KIERAN SHANNON: Why minnows see league as the measure of success

Finally, someone else said it.

Last Friday, on an item on The Last Word, Dr Niall Moyna of DCU made the observation that in recent years more counties put as much emphasis on the league as they do on the championship.

It’s a point lost on most GAA officials, media, and the public at large likewise.

Columnists will scoff at the idea of teams that won’t begin championship football until the summer being back training for the past couple of months, and wonder at the lunacy of their supposed authoritarian, senseless managers.

But the thing is, it makes perfect sense that a lot of these managers are back working with their players. The system might be crazy but these managers are not.

If you’re a Clare or Limerick footballer, you know, realistically, that you’re not going to beat Kerry in this year’s Munster semi-final. It’s just not going to happen. After that defeat, the qualifiers are something of a lottery.

The league, though, is not. It is a real measure of your standing and progress. It is a guaranteed series of meaningful, competitive games. Anybody can beat anybody in Division Three. Promotion is a possibility – unlike beating either Kerry or Cork this year or next. So is relegation, something which would be more costly to Clare than last year’s qualifier defeat to Longford.

So to tell Colm Collins that he’s a lunatic to have his players back training in November instead of the start of January is a bit like telling Eamon Fitzmaurice that he should only start back training and coaching his team in April or May, a couple of months still before the real serious stuff starts for them.

In a way so last Saturday’s championship revamp proposal from Central Council was as unsurprising as it was uninspiring. After all the submissions, paperwork, and paper talk, they essentially proposed a Tommy Murphy Cup Reload.

It will hardly pass at Congress, and rightly so. It hasn’t been fully thought out. For one it works more on the premise of the stick than the carrot. There is one tiny carrot at stake: win the competition and you’re in next year’s qualifiers. Lose and you’re stuck – condemned to – playing next summer against the teams you play every winter. As if Carlow and Wicklow don’t play each other enough.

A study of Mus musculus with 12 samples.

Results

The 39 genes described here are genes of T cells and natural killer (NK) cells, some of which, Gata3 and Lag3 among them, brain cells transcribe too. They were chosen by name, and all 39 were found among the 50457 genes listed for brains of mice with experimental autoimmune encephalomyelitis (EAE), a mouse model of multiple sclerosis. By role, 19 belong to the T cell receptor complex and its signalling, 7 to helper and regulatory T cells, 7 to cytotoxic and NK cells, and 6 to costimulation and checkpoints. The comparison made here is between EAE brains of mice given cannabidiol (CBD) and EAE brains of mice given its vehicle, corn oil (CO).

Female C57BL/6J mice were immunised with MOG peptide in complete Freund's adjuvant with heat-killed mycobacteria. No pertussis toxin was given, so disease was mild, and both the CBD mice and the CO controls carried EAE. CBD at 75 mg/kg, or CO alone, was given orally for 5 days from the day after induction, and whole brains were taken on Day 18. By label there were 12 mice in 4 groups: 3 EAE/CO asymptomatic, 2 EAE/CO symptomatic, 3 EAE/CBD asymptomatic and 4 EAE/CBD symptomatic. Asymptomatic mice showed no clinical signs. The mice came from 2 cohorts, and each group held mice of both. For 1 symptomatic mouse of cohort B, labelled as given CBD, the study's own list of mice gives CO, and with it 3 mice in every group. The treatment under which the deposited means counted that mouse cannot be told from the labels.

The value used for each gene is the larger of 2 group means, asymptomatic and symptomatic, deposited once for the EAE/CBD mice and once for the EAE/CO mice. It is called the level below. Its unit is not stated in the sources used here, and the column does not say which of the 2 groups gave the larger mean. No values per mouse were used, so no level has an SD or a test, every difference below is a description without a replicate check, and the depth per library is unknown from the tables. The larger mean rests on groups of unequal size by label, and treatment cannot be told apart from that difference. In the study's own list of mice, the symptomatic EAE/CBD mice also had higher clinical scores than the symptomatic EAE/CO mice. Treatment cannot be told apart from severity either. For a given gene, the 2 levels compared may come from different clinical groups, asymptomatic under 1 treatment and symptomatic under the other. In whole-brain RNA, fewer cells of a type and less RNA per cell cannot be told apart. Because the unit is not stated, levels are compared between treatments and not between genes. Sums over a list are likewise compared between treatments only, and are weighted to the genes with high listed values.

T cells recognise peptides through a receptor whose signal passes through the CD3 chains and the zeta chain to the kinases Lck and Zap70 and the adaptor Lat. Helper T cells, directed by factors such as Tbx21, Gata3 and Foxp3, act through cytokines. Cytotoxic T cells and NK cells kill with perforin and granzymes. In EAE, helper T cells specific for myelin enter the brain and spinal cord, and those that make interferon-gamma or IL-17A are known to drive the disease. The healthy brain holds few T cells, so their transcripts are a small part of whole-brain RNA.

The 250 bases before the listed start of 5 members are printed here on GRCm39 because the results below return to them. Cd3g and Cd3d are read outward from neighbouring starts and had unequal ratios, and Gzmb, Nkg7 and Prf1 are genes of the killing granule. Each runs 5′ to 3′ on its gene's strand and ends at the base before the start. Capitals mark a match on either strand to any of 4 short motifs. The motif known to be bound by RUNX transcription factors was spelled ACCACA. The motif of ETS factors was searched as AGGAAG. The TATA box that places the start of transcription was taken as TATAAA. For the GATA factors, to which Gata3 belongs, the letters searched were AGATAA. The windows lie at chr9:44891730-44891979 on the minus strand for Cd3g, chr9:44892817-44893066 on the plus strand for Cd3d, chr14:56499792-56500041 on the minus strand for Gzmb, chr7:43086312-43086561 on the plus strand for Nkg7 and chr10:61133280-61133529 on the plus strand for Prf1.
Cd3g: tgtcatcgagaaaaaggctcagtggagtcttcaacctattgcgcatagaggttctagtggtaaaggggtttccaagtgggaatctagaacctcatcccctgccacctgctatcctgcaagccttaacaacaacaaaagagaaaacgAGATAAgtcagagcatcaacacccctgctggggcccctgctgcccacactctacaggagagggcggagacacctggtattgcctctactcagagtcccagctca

Maybe that’s the hidden genius of it: that such a prospect will be just too much to bear for one of those counties and it will trigger in them their inner DiCaprio in The Revenant to escape their hell.

That what will drive them isn’t the thought of having a crack at a Cork or a Mayo or even a Galway but the horror, the sheer horror, of heading to Dr Cullen Park or Aughrim or Carrick-on-Shannon once more.

The proposal lacks a basic understanding of human motivation. That what sustains us in the long run is driving towards what we want, rather than what we want to avoid.

Even if you buy into the merits of the Tommy Murphy Cup, it also copperfastens the unintended and unrecognised importance of the league. To play in the All-Ireland series in the summer, you’ve to finish in the top two of your division in the spring. Which means you’ve to be back training collectively in the winter.


It’s only right all those championship proposals floundered. You cannot talk about reforming the championship without looking at the entire competition calendar, especially the league. Its structure and raison d’etre.

Are administrators still working off the old Mick O’Dwyer premise that championship is all that matters, or do they now understand for a lot of counties outside Division One that it’s their championship?

It leaves us with something of a halfway station, the whole thing if not quite a mess, then a series of paradoxes.

The league is least relevant to the teams who can actually win it outright – the established Division One teams.

The teams who can’t win it outright are all out to excel in it.

The best teams play each other too often and then in the summer don’t play each other enough.

The heaviest part of the senior inter-county match schedule is on at the same time the Sigerson and U21 championships are.

Our players and coaches have too many games and not enough time in between to prepare for them.

Then in the summer they have too much time and not enough games.

This is supposed to be something of a pre-season. Where you get time on the training ground to try out new systems, and your players can work on their skills. But with maybe a third of your panel in Dublin, you might only get to train collectively once a week. You’re trying to shout instructions and guide your players on a new system in the howling wind and rain and biting cold.

Then in the summer, it’s flipped on its head. The students are free from Sigerson, college and U21 but might have only two games in the best of conditions. You’ve loads of time and the weather to try and instil and tweak your game plan but probably not enough games to try them out.

After beating the crap out of one another week in week out during the spring, the big guns don’t catch a glimpse of each other during the months of May and June when the pitch is finally hard.

In time, it has to change. For now, it is what it is. So appreciate it for what it is. Division Two will be ferocious, teams clawing for promotion, not so much for how it will help them in 2016 but in the years beyond.

Division Three and Four too.

There mightn’t be a sign of a cuckoo or a smell of cut grass, but many team’s real championship is in the air.